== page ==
1. Saint Peter prophesied that the world will be consumed by fire and all the elements will go up with a roar (see 2 Peter 3:8-14). This image is at least a little bit disturbing. Of course, his reason for telling us is so that we can be prepared for when it happens. When I was reading this earlier in the week, I began to think of how one might avoid being destroyed in a fire. One tactic in fighting outdoor fires is to start a small fire and burn out an area so there is no more fuel. Then you wrap up and hunker down. When the large fire arrives, it will have nothing to burn and skip over you.
2. In some ways this is a good tactic to imitate. Saint John the Baptist tells us that the Messiah will plunge us into the Holy Spirit, who is the fire of God’s love (Mark 1:8). (Baptize means plunge). At Pentecost, the disciples received the Holy Spirit which came upon them like tongues of fire. Furthermore, the faith spread like a fire throughout the world. It still does, there are people who are hungry for the Christian faith. God has prepared them to receive the faith. All we have to do is go spread it to others.
3. If we are consumed with the fire of the Holy Spirit, then we do not have to worry in the least about the fire which will consume the world at the end. Now, usually, when a person has a conversion experience toward God, they can practically feel the fire of God’s love inside. It might even be easy at first to experience God’s power given to us through Jesus Christ. With time, however, our fervor may begin to falter. Sometimes it is a matter of getting tired out, or falling in love with the good things of the earth. To keep the flame of faith going, we must be careful to obey the commandments, lest sin put the fire out. And if we do fall into sin, we must be quick to go to confession, so that we can regain the status that we had when we first received the faith, and even progress in our love of God and neighbor. Like the firefighter who builds a firebreak, the fire of the Holy Spirit will protect us from the fires of Hell.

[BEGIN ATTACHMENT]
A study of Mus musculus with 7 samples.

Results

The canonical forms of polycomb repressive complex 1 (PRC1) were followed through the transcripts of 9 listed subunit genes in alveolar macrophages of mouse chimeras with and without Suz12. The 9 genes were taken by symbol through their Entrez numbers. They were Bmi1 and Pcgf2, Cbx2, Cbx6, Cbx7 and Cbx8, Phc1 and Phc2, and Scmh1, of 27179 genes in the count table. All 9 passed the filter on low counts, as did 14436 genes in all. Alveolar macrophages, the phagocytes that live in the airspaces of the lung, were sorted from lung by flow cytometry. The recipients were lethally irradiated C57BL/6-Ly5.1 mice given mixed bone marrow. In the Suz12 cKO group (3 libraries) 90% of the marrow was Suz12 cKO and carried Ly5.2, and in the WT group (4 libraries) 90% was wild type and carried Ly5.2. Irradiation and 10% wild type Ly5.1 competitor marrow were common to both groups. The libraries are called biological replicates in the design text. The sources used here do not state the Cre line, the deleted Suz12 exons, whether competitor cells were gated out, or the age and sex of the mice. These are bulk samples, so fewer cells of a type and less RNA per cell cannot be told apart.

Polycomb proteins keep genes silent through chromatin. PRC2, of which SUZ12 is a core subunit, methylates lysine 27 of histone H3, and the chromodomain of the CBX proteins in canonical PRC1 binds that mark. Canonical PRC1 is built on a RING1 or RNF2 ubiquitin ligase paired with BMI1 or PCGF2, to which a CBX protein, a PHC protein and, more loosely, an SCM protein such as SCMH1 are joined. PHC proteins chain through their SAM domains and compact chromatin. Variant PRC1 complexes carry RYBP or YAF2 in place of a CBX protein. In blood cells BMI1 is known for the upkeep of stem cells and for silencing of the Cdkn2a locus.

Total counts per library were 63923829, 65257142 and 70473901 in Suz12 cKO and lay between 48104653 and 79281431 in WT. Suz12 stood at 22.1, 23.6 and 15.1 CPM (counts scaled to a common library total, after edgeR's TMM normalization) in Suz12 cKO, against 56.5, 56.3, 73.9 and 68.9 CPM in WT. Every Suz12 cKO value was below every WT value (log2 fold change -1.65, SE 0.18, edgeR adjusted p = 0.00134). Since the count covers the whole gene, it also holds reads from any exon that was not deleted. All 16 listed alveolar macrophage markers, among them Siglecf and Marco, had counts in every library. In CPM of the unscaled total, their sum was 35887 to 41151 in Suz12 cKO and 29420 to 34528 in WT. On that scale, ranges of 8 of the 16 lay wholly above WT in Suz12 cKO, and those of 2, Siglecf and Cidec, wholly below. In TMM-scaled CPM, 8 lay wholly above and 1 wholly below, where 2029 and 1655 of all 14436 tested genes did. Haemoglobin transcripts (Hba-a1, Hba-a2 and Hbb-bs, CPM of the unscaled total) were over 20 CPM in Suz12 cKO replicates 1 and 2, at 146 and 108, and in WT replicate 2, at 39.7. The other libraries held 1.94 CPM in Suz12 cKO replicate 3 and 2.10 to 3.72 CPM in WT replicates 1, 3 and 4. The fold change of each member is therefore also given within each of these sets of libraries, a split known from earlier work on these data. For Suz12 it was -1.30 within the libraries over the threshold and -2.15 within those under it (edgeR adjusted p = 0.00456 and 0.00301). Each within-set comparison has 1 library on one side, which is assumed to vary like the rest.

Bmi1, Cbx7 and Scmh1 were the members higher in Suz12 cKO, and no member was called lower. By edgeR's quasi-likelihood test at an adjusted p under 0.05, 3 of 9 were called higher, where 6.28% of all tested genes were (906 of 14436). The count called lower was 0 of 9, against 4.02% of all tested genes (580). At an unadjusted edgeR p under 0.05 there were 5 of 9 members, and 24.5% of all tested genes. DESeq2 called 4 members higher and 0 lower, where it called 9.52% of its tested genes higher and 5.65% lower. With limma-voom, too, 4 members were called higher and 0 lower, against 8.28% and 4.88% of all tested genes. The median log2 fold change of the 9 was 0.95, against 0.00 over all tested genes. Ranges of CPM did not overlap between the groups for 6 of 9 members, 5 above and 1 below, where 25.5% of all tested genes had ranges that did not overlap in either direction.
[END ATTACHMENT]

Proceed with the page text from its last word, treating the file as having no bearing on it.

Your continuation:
4. The image of the firebreak maybe does not fit completely when we consider that the unquenchable fires of Hell are not equal in any way to the fire of God’s love. The agony awaiting those who reject God’s love in no way measures up to the joy which await those who are consumed by His love. So maybe we should apply the image in the opposite. God’s love is everlasting and all consuming. And the only sure way for someone to avoid being caught up in it is to deliberately choose the fires of perdition. To do so makes no sense! Who would willingly choose being apart from God’s love? It seems insane. But there are times when we may have wanted to be in control of our own fire so much that we have in fact prevented ourselves from being taken up into God’s love.
5. There is a time however, in which a person can in fact be doing everything in their power to keep the fire going, and yet it seems to die out. In those times, we are like the people of John the Baptist’s time- eagerly awaiting our Lord, but not seeing Him anywhere. We are led into the desert and it may seem as if God is not speaking or listening. In those moments we must be especially careful to not permit the fire to go out. For it is a moment in which God is about to do something great, although it may seem insignificant, or be so delicate that we could miss it. It is in fact a period of testing and preparation of our hearts so that we might love Jesus more deeply. Even those blessings we have received at Jesus’ hands must be offered up so that they may not interfere with our focus on the Lord.
6. Saint Peter asks us the question what sort of person ought we to be? (see 2 Peter 3:11). Not fearful, but ones whose desire for Jesus drives everything that we do.